Coping With The Rising Number Of EAL Pupils In Primary Schools


The growing number of pupils whose first language is not English has seen some schools in certain regions come to comprise of more non-native English speakers than English-speaking children. In schools where there are such statistics teachers are likely to find it a struggle to get their pupils to the required standards especially as sometimes children who can't speak English may have limited opportunities to speak with fluent peers.

In February, the papers were all talking about the first discovered primary school to have an entire student base made up of pupils learning English as an additional language (EAL), which, despite the hurdles and challenges it faced, managed to achieve a 'good' rating from Ofsted. If Gladstone Primary, with 450 pupils speaking 20 different languages managed to overcome its previous 'inadequate' Ofsted rating after just over a year, then surely there are some practices schools can employ to make sure all their pupils, whatever their mother tongue, can do their best?

Methods for helping EAL pupils
Some practices which Gladstone Primary and other primary schools with a diverse student body have used to good effect include buddy systems and mentoring. Gladstone's buddy system partners pupils with English speaking pupils from other schools so that they can play and learn together in each other's schools once a fortnight. For the English speaker, this helps them to learn about other cultures while the non-English speaker benefits from learning English from a peer in a casual and fun environment where they are less shy. Schools which have a mixture of English speakers and non-English speakers can do this within their own school to encourage integration. In Cambridge, the Bell Foundation has launched an initiative to have sixth formers from local private secondary schools trained to act as special mentors.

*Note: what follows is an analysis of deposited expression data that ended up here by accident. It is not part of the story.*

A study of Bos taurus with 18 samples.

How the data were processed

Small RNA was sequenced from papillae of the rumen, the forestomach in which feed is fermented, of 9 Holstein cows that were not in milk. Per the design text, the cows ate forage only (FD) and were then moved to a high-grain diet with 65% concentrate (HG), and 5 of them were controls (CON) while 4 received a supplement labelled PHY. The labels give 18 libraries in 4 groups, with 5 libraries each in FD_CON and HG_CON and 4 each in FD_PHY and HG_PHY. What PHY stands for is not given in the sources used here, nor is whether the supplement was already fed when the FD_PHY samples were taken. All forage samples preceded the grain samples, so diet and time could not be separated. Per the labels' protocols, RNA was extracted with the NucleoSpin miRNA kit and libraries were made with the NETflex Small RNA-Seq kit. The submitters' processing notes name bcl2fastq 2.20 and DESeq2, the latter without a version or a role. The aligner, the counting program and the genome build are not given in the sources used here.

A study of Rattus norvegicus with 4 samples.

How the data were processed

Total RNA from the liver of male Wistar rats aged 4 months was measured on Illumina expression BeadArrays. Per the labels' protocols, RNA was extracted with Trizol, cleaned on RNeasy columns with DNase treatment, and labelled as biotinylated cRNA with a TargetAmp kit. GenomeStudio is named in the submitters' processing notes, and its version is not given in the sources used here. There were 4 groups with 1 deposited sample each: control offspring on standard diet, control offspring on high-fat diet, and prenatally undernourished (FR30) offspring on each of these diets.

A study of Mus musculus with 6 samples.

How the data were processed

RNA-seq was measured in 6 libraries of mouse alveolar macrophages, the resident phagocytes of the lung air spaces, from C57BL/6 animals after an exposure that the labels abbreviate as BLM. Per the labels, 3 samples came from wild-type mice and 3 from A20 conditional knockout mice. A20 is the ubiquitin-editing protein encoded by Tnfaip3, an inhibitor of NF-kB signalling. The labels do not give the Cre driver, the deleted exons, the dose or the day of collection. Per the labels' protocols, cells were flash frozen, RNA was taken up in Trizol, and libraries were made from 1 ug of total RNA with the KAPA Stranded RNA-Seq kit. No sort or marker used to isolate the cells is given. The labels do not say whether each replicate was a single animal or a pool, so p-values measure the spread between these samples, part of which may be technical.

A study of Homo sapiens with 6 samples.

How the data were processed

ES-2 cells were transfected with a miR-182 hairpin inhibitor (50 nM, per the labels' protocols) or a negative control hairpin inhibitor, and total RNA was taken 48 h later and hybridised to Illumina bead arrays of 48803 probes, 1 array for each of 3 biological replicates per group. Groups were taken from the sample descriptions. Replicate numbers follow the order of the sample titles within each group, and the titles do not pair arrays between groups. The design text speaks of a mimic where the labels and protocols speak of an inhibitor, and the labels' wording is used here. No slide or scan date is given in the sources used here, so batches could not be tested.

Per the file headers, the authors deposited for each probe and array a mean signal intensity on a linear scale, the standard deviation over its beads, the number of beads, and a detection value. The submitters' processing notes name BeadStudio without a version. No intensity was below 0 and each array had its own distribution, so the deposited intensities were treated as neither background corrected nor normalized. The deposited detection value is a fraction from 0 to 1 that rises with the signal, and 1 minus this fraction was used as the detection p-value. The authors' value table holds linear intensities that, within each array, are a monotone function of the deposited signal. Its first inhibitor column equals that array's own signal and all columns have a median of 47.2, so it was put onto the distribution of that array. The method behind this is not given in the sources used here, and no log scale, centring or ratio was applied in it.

Other outside help some schools use are teaching assistants. Some primary schools have employed people from the community who speak one or more foreign languages to assist in classes and help children having any difficulty with the English so that they can follow and keep up with the lesson.

Teachers themselves can also do a lot to help their students with limited English. Aside from being encouraging and approachable, there are various techniques teachers can use to lighten the environment so that children aren't afraid to ask questions. Running through the English vocabulary for a new topic at the start of the lesson suggests to children that they are not expected to know every word so they don't have to worry if they stumble across something new. Equally, providing a running commentary through lessons ensures that teachers help students to match objects to words.

Lastly, the schools which are really successful when it comes to integrating their EAL pupils and helping them with their English are those which reach out to the parents. Having a good website, language help for parent's evenings and parent workshops encourages foreign parents to take an interest in their child's learning without feeling intimidated.

Hannah McCarthy works for Education City which offers curriculum-based modules in maths, science, English and foreign languages. Education City's website offers resources for teachers and materials for learning English as an additional language.